Thursday, March 19, 2009

Century Egg & Pork Congee

Century Egg & Pork Congee
(makes 4 servings)
printable recipe

1/2 pound boneless pork tenderloin, cut into thin strips
4 century eggs*, chopped into bite sized pieces
3 quarter sized slices of fresh ginger (or more if you like ginger)
1 cup uncooked jasmine rice*
2 - 14 oz cans of low sodium chicken broth (Swanson’s Natural Goodness is my favorite)
7 - 9 cups of water
2 tsp salt, divided
1 tsp dark sesame oil
1 Tablespoon vegetable oil
1/2 teaspoon of MSG* (optional)

Chopped scallions
Thin slivers of fresh ginger
Cilantro sprigs
“Yu Tiao”/Chinese donut*

Sprinkle pork strips with 1 tsp salt and mix well. Let marinate in the fridge for at least 2 hours.

Wash and drain rice. Combine rice, 1 tsp salt, vegetable oil and sesame oil in a large heavy-bottomed pot. Stir to coat grains well with oil. Let rice marinate with oil and salt for 10 minutes.

Turn on burner to medium-high heat. Add stock, 7 cups of water, ginger slices, and MSG (if using) to rice and bring to a boil. Reduce heat to medium-low and simmer for 1 1/2 - 2 hours, stirring occasionally (rice tends to stick to bottom of pot). The rice should break down completely. Adjust consistency with an additional 1 - 2 cups of water if necessary (should be as thick as porridge, but some people prefer their congee thinner, like a soup).

In the last 15 minutes of cooking, stir in chopped century egg and pork strips.

Before serving, taste for seasoning and add salt and/or a couple drops of sesame oil if necessary.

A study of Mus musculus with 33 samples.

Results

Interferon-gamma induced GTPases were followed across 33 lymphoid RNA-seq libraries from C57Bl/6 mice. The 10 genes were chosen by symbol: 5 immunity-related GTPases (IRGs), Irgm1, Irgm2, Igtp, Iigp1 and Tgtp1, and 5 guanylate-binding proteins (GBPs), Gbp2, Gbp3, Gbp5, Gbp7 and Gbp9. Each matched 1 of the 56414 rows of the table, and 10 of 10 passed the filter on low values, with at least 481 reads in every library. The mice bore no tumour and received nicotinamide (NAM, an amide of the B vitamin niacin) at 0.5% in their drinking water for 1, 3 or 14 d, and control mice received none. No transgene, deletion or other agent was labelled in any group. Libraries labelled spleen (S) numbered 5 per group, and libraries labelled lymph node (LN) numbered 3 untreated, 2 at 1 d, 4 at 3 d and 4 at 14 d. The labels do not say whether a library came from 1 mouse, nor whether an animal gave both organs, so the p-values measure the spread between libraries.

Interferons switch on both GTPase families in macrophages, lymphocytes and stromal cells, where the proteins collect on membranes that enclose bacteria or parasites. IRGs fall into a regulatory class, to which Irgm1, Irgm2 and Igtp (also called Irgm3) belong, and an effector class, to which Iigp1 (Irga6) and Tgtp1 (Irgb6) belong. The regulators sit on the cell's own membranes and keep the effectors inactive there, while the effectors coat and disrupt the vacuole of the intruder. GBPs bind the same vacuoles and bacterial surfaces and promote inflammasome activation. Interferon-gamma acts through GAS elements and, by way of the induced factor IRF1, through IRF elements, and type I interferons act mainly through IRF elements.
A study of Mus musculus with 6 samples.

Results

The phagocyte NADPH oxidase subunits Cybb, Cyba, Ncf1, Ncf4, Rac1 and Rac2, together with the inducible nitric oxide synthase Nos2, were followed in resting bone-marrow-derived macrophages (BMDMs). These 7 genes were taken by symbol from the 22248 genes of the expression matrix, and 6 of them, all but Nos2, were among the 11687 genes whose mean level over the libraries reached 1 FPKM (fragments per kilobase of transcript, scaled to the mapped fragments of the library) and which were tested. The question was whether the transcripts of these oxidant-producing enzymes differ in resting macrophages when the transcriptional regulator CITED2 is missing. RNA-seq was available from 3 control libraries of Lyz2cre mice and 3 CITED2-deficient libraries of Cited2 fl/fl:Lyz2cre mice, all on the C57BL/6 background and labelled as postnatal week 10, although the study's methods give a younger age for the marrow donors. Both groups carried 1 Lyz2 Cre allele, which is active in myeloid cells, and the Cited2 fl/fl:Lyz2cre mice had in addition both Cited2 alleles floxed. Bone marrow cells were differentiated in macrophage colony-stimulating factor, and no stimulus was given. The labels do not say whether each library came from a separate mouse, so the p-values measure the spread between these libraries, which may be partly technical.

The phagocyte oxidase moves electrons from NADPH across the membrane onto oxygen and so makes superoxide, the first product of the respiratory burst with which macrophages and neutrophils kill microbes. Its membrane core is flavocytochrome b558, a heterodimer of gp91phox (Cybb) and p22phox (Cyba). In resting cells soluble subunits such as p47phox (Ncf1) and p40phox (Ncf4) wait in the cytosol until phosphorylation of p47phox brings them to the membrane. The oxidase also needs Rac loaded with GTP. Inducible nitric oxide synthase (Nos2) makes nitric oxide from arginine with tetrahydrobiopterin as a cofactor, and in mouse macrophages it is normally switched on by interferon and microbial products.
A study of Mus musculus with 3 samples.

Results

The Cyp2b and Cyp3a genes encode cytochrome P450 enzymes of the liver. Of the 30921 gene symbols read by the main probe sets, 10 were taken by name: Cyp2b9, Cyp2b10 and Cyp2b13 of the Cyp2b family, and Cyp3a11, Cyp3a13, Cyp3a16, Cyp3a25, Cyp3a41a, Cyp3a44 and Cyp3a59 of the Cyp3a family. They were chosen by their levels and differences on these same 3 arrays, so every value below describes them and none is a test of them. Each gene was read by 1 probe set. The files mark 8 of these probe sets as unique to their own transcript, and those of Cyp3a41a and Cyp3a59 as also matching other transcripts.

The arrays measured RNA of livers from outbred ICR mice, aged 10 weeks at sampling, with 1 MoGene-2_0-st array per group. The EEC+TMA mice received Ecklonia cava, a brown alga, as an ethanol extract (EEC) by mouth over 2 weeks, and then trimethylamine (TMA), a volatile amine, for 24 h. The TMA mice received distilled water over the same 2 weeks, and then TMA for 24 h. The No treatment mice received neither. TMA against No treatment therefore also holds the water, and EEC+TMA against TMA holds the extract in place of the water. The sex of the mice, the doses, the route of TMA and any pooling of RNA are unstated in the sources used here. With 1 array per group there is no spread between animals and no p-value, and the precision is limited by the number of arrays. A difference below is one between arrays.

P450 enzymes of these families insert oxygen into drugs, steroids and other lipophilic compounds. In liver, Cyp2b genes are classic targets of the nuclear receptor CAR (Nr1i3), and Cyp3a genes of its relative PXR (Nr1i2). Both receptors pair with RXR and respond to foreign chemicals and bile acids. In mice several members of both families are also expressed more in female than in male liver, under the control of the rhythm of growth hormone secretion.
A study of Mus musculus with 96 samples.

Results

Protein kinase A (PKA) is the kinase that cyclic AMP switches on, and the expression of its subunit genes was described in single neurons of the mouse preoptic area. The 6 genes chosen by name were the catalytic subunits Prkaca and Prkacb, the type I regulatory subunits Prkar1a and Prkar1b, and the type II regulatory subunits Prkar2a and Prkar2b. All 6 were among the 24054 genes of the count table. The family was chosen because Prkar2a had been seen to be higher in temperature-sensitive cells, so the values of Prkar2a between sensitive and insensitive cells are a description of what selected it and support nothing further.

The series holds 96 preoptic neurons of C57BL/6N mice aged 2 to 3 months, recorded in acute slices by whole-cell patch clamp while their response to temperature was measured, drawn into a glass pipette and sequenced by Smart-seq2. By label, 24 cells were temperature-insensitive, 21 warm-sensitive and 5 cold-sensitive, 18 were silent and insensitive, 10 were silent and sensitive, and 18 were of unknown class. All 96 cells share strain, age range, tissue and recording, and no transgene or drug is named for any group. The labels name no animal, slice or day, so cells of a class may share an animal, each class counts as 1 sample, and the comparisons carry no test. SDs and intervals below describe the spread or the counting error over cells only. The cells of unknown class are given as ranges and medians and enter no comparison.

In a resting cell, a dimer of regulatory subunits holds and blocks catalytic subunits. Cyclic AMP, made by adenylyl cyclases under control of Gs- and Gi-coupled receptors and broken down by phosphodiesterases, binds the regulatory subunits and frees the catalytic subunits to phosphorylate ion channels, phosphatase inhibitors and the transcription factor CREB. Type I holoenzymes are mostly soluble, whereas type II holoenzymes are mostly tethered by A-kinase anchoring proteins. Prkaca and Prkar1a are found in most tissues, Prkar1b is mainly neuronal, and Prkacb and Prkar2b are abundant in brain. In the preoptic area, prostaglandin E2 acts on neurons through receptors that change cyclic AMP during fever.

Garnish with chopped scallions, ginger slivers, cilantro and Chinese donut pieces.



Jasmine Rice: You can use any kind of uncooked white rice to make congee – I prefer jasmine rice because it adds such a nice fragrance to the dish.

Century Egg: Available at your local Asian food market (on the shelves, not refrigerated). They usually come in a 4 or 6 pack, sometimes labeled “pei dan” or “pedan”. I prefer the “lead free” kind made in Taiwan.

MSG(Accent): I always wondered why restaurant congee tasted so good. The secret ingredient is MSG! You don’t have to add it if you have a problem with MSG, some people claim it gives them a headache (if that’s you, I highly recommend reading Jeffrey Steingarten’s essay on MSG,“Why Doesn’t Everybody in China Have a Heachache?” from his book “It Must've Been Something I Ate”). I don’t normally cook with MSG, but I find 1/2 teaspoon of Accent makes my congee really addictive.

Yu Tiao” or Chinese Donut: I purchase mine pre-made. Look in the refrigerated section at your local Asian food market. I cut them into bite size pieces and toast them in the oven for a few minutes (like croutons).


  1. Another new food item - Yu Tiao! This recipe looks great and it's a lot easier than I expected. For some reason, I always think that my favorite foods to order in restaurants are too complex for me to attempt at home. It's probably because I don't bother to look at a recipe! 8-)

    Thanks again and I can't wait to make this!

  2. It's very interesting and funny!

  3. this is what I needed to be eating a couple of days ago when I was all stuffed up... well, i'd eat it now too!

  4. This is my favorite congee as well. Never have made it but now I can try. Thanks for this post! Love your blog!

  5. I know you posted this over a year ago, but I've been searching for this recipe and this looks like the closest thing to my favorite version of congee. Thanks for the post, I'm excited to make it!